Alternative rap artist and MC Lizzo, has teamed up with pioneering female MC Missy Elliott for track “Tempo,” for her upcoming debut album Cuz I Love You which will be released this April. This track follows up her first single “Juice,” which was released this January.
“Tempo,” opens up with a blistering guitar rip, before going into catchy trap beat, with Lizzo rapping about her body positivity, and female empowerment message. “All means necessary/My ass is not an accessorary(sic)” she jokingly raps throughout the second verse of the track. Miss Elliott introduces the track with a bang, also rapping about the positives of being “thicc,” over “skinny hoes.”
Although Lizzo got her start in the Twin Peaks hip hop scene, joining a part of various indie hip hop and R&B groups, the release of her 2016 EP Coconut Oil launched her into prominence. She is well-known for genre-bending taking influences from atypical music styles and blending it into her own unique form of hip hop as well.
“I make all different types of music,” Lizzo explained to the Guardian during an interview at a buffet. “You see here, we got pineapples, we got croissants, we got sausages – which one you like? I feel like when you’re good at doing a lot of different styles, it hard to stick with one.” After working on the album for three years, this summer she finally laid down the songs that will make the cut. “I hit my stride. It was about embracing my singing voice.”
Lizzo’s diverse musical style also emerged from her experience as a piccolo and flute player for her junior high band and high school marching band. This, along with her musically gifted family, helped foster her love for all music, and eventually hip hop as she grew older.
“I was in marching band from eighth grade all the way up until college, the Cougar marching band at University of Houston. I was a piccolo player,” Lizzo explained in an interview with NPR. “I was the baddest piccolo in the land, ’cause I got big lungs. And I was really determined. I rented the flute, and I just started listening to James Galway and songs on the radio, really trying to sound good and be the best.”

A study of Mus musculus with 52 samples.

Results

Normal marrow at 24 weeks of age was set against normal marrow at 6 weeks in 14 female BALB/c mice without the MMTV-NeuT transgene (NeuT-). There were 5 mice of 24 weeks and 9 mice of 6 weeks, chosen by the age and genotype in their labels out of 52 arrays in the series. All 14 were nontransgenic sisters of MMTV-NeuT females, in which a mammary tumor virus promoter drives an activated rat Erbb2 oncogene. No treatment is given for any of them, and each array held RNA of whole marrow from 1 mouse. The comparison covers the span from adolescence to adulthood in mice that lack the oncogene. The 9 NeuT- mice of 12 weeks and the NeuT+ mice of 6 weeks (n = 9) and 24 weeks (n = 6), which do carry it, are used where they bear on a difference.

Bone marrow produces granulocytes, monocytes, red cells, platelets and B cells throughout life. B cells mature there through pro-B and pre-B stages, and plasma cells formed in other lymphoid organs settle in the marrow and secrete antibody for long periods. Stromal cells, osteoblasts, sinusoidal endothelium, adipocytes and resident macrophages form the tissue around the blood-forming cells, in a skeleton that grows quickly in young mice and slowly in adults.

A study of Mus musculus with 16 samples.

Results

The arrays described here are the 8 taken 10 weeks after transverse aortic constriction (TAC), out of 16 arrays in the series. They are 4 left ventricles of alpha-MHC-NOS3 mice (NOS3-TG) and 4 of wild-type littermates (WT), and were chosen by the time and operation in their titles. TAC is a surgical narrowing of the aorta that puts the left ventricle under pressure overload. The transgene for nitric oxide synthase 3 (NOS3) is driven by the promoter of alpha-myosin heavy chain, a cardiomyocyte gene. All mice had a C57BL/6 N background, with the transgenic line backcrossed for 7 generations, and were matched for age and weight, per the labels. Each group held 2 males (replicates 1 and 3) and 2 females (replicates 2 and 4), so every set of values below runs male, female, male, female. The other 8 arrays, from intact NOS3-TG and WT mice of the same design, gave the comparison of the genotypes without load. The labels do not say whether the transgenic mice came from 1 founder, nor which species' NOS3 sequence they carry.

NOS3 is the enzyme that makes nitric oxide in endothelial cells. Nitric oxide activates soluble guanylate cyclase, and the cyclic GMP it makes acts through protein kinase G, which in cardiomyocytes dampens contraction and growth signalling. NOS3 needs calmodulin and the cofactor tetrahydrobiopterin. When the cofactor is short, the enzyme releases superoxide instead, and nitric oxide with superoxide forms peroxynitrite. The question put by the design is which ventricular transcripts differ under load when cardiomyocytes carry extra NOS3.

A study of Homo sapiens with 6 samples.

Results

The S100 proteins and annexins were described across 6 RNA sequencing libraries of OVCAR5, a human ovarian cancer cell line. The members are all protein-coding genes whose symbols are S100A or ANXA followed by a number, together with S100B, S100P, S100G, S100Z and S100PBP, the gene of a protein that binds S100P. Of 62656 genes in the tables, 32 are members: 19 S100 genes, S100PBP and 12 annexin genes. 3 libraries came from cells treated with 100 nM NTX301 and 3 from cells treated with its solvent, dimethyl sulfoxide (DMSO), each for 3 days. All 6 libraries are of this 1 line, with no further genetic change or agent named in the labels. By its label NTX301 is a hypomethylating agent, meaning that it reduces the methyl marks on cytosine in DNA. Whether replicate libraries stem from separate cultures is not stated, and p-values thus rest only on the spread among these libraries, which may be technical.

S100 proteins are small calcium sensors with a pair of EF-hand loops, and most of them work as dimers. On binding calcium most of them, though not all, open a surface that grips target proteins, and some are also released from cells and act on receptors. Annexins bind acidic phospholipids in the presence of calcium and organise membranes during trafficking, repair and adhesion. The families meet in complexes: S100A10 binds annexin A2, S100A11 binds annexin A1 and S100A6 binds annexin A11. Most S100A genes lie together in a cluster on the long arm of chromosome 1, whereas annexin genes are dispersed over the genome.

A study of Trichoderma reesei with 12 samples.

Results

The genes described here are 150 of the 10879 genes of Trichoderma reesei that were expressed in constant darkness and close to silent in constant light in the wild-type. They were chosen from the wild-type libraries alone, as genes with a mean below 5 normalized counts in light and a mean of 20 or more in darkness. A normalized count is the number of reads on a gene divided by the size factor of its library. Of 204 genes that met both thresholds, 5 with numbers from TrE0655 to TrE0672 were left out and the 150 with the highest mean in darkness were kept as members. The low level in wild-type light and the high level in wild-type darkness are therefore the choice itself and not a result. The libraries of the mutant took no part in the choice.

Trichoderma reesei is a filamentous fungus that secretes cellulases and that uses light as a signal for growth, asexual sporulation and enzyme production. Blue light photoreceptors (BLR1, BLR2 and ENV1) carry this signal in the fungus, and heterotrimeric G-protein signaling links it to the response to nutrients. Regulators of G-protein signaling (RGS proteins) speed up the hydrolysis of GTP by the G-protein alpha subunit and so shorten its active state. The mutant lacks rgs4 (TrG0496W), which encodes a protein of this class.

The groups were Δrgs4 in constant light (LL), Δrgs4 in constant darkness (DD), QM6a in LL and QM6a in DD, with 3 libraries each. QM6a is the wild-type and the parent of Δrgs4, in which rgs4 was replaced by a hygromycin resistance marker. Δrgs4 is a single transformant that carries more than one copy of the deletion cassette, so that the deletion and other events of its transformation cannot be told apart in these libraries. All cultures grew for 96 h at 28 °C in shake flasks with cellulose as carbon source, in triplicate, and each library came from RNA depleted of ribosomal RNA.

Her unique stage presence, style and look have gained her a large, yet diverse following from many women of color to the LGBT community as well. While she doesn’t necessarily claim that her music has a political slant, beyond her own honest expression, she has criticized what many have begun calling “wokenomics,” where companies appropriate socially progressive ideals for their brands as a marketing tactic.
“It’s unfair for us to assume that people know how to love themselves … [corporations have] spent decades telling people they weren’t good enough and selling them an ideal of beauty,” Lizzo further explained in the Guardian interview. “All of a sudden you’re selling them self-love? People don’t know how to love themselves, because they were trying to look like the motherfucker you were selling them!”